Carmakers Jaguar Land Rover (JLR) and Nissan both announced plans for their UK operations in mid-February as they shift towards electrification, providing a boost to the Brexit and pandemic-stricken automotive sector.
JLR announced in a statement on February 15 that it will electrify all its new vehicles by 2025 and keep all its UK plants open, kickstarting its “Reimagine” strategy to become a net zero-carbon business by 2039. A few days later, Japan-based Nissan told reporters it would bring total investment into its UK plant in Sunderland up to more than £1bn over the next few years as it showcased its new hybrid Qashqai model.
JLR plans to invest around £2.5bn annually into electrification technologies, the statement highlighted, adding that the company “will retain its plant and assembly facilities in the home UK market and around the world”, and that its factory in Solihull, West Midlands will manufacture both the architecture behind its new electric Land Rover model and Jaguar luxury vehicles.
At the same time, the statement noted that JLR is preparing to become a “more agile organisation”. The company confirmed to UK media it will cut about 2000 jobs globally in the next financial year. JLR has previously had to change its UK plans following disruption caused by Brexit, and has shed thousands of workers over recent years.
The shift to electrification in the automotive market follows consumer appetite for electric vehicles (EVs). Global plug-in vehicle sales reach 3.24 million in 2020, up from 2.25 million a year earlier, according to industry database EV Volumes.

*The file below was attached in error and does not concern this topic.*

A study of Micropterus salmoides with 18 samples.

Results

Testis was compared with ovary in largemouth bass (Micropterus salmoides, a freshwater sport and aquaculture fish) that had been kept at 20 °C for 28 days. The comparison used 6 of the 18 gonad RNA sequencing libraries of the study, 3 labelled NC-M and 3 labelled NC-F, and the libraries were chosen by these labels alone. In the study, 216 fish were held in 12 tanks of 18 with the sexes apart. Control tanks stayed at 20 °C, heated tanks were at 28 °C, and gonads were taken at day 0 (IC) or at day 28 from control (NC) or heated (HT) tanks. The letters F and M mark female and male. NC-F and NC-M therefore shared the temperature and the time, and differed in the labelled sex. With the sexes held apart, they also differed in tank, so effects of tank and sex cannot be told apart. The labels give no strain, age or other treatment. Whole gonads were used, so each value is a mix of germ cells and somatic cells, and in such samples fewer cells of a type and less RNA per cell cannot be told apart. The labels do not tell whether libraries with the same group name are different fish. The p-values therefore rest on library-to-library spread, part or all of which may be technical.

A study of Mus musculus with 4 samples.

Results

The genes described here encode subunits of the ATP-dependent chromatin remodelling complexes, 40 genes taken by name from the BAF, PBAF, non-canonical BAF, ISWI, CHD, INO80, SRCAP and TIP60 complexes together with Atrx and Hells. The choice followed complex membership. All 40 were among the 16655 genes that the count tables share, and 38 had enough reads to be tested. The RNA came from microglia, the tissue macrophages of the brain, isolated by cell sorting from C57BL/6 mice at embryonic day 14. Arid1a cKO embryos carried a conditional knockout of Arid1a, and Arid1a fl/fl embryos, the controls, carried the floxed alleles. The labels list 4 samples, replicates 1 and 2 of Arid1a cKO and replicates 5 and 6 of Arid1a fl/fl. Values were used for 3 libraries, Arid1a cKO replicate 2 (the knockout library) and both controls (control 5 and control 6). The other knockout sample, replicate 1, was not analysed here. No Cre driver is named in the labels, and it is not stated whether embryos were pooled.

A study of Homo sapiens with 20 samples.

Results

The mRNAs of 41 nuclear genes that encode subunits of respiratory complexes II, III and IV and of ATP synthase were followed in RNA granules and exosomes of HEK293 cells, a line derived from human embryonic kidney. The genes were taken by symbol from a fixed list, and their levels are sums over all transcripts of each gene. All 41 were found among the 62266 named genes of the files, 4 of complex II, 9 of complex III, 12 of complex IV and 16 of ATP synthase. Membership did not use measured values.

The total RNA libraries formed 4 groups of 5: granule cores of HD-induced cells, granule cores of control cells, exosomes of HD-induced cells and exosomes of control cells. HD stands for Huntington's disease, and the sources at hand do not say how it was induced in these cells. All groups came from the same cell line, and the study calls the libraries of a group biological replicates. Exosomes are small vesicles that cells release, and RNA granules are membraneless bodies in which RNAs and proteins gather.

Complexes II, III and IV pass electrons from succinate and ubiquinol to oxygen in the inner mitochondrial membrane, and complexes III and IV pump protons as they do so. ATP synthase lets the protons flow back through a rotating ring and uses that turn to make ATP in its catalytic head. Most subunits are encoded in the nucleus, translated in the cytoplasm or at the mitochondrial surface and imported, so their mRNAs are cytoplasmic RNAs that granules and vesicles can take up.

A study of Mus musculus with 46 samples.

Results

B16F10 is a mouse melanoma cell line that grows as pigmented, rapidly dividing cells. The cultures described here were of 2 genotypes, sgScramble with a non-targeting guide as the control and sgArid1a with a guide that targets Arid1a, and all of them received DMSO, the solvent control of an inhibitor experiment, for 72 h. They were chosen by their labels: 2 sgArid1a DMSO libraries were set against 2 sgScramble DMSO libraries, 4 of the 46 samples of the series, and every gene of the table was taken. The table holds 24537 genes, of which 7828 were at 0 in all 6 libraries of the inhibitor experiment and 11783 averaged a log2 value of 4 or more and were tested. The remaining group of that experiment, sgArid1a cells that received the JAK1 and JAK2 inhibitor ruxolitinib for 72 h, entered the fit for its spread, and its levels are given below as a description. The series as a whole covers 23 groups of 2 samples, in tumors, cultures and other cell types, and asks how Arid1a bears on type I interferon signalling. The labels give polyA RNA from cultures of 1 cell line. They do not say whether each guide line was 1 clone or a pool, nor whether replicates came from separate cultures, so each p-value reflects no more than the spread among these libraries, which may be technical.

In 2020, Europe saw a 137% annual increase in EV sales, surpassing China as the leading market.
Amid electrification plans, JLR and Nissan’s announcements come as a partial reprieve to the UK automotive industry, which last year saw the lowest number of foreign projects since 2007, according to the latest figures from greenfield investment tracker fDi Markets.
While greenfield FDI announced in the UK automotive sector rose by 37.8% to an estimated $818m in 2020 – defying the 50% annual decline seen globally – this was also still the lowest level since 2008.
The UK also lags other countries in batteries, which are crucial to both EVs and the green transition. Just six foreign greenfield investments have been announced in the UK battery sector since 2015, ranking the country joint 10th globally, according to fDi Markets.
By comparison, other European markets have attracted significantly more foreign battery projects since 2015, including Germany (34), Hungary (13) and Poland (12), while China is the world’s leading destination with 29.
As part of its net-zero agenda the UK government is aiming to develop its EV industry, with up to £500m of funding allocated for a gigafactory to produce batteries. The West Midlands region, which is home to several major automotive manufacturers including JLR, has developed proposals for a gigafactory at Coventry Airport.
Alongside JLR’s headquarters, Coventry is home to the UK Battery Industrialisation Centre and saw Austria-based AVL Group invest £3.5m back in March 2020 to expand its powertrain research and development facility in the city.
If the gigafactory plans in Coventry go ahead, it will bring an estimated 4000 new jobs and £2bn in investment.
Neil Rami, chief executive of the West Midlands Growth Company, the region’s investment promotion agency, believes the UK should capitalise on the race between carmakers to switch their production from internal combustion engines towards EVs.
“If we are to safeguard existing automotive jobs and attract new investment in the era of electric vehicles, the UK needs to double down on efforts to scale its battery production capabilities at pace,” he said.